William Osler (1849)
It was on this date, July 12, 1849, the Anglo-American physician William Osler was born in Bond Head, Canada West (now Ontario). He took his MD in 1872 and taught medicine from 1874-1884. In 1889 he became the first professor of medicine at Johns Hopkins University and was one of the four founding professors in that Baltimore, Maryland, institution. By the turn of the century, he was the best-known physician in the English-speaking world and called the “most influential physician in history,” as well as “the Father of Modern Medicine.” He was Regius Chair of Medicine at Oxford from 1905 until his death at age 70 on 29 December 1919. In addition to being a physician, Osler was a book-lover, historian, author—and a renowned practical joker as “Egerton Yorrick Davis.” One of his innovations was to insist that medical students learn from seeing and talking to patients and the establishment of the medical residency. To this day, Osler’s name describes a number of diseases, signs and symptoms and is inscribed on the Osler Building at The Johns Hopkins Hospital.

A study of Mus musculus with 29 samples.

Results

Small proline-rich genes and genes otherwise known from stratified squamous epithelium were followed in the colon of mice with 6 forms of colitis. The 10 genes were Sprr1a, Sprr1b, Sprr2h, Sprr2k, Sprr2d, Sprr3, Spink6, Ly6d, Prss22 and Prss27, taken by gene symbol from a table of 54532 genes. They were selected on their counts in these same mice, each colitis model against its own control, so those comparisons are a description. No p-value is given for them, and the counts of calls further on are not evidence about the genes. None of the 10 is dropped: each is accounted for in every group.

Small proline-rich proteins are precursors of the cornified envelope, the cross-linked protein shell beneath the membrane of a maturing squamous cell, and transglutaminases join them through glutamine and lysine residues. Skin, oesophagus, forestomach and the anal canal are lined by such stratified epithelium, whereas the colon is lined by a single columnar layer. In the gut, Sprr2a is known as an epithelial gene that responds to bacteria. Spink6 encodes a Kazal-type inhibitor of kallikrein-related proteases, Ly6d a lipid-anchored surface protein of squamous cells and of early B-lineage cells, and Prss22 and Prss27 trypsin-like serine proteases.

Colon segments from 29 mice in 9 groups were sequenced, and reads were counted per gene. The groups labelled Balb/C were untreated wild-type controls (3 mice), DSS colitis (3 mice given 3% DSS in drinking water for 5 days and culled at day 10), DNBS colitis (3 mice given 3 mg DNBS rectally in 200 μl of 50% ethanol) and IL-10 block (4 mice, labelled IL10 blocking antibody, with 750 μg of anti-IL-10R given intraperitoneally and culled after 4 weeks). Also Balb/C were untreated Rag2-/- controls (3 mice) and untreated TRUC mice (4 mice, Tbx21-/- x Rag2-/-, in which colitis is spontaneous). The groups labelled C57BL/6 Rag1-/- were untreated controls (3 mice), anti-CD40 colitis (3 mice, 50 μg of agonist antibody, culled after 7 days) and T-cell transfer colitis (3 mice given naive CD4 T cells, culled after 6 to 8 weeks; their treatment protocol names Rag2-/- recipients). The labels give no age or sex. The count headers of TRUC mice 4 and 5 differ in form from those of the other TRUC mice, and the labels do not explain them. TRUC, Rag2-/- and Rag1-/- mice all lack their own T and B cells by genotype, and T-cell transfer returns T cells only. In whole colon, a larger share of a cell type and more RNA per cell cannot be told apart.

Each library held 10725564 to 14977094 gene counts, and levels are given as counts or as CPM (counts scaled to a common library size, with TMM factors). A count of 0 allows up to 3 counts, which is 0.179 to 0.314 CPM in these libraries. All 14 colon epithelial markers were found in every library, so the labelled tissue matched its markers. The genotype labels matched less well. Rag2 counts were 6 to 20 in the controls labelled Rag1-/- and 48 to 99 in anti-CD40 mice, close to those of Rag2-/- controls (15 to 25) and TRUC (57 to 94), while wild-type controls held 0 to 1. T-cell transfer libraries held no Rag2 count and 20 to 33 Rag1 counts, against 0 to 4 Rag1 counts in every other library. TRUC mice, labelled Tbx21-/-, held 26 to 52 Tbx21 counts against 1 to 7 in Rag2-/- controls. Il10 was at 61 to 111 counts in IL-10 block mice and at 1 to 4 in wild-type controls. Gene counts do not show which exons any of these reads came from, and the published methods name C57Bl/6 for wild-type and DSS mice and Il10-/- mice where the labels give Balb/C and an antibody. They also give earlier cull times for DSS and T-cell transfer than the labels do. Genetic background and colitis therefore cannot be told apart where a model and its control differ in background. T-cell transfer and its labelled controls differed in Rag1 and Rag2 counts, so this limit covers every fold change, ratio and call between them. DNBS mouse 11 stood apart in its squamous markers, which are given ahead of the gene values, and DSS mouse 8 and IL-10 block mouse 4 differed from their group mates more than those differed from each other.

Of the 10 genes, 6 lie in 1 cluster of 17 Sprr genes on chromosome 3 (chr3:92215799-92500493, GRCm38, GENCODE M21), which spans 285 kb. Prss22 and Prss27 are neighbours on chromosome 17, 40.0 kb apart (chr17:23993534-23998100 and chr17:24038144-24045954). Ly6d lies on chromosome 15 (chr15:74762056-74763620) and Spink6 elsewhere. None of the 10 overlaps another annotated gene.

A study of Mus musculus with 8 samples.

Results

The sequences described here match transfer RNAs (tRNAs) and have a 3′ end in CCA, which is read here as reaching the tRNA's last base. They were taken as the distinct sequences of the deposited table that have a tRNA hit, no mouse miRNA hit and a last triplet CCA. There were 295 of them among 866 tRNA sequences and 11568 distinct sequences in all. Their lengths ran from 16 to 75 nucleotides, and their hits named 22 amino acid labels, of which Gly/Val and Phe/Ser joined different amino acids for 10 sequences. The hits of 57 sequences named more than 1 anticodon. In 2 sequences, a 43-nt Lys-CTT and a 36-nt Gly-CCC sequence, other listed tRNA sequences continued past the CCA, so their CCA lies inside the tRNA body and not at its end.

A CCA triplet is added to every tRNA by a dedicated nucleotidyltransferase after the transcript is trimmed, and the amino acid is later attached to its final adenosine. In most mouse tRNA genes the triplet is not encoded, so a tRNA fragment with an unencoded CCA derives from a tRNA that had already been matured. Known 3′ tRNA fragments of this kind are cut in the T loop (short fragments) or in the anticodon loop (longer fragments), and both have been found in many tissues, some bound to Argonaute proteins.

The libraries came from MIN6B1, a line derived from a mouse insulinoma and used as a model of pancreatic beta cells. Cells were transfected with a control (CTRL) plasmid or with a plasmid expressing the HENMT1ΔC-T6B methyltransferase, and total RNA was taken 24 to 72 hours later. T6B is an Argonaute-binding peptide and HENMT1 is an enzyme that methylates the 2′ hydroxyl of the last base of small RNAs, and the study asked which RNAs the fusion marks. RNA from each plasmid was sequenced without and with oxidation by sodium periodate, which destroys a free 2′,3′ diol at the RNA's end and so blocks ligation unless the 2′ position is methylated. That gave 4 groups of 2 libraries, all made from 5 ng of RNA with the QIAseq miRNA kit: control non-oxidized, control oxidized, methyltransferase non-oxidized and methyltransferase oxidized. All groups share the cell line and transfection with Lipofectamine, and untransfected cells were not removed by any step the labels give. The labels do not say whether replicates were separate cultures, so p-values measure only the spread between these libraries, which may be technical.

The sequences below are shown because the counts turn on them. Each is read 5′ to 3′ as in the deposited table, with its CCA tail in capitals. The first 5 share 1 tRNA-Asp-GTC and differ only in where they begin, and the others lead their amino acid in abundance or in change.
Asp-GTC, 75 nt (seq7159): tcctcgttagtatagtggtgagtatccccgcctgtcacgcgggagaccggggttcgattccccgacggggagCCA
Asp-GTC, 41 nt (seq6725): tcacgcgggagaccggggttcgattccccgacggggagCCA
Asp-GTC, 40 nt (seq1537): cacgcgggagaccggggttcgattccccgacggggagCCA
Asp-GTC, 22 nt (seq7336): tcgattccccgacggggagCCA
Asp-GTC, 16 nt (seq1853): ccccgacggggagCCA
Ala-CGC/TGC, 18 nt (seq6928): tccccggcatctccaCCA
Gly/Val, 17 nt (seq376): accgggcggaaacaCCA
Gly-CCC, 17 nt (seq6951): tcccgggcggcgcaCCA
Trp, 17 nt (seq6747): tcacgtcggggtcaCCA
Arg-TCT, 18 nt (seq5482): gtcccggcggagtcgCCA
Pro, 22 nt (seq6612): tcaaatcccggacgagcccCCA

William Osler once said, “One special advantage of the skeptical attitude of mind is that a man is never vexed to find that after all he has been in the wrong.” A skeptic toward revealed religion, yet Osler counseled faith (chiefly faith in oneself) and the utility if not the reality of belief in an afterlife. Osler might have been speaking of medicine or religion when he counseled, “In seeking absolute truth we aim at the unattainable, and must be content with broken portions” and “The greater the ignorance the greater the dogmatism.” His humanist ethic was visible in publications such as Counsels and Ideals (1905) and Michael Servetus (1909), and especially in his 1904 Ingersoll Lecture, Science and Immortality, in which he gives the scientific evidence against belief and adds,
It may be questioned whether more comfort or sorrow has come to the race since man peopled the unseen world with spirits to bless and demons to damn him.
Originally published July 2003 by Ronald Bruce Meyer.
"It has taken nearly 2000 years for the married woman to get back that personal independence which she enjoyed under the later Roman Law, but lost through the influence which Christianity exercised on European legislation. And it may be truly said that she regained it, not by the aid of the churches, but despite the opposition."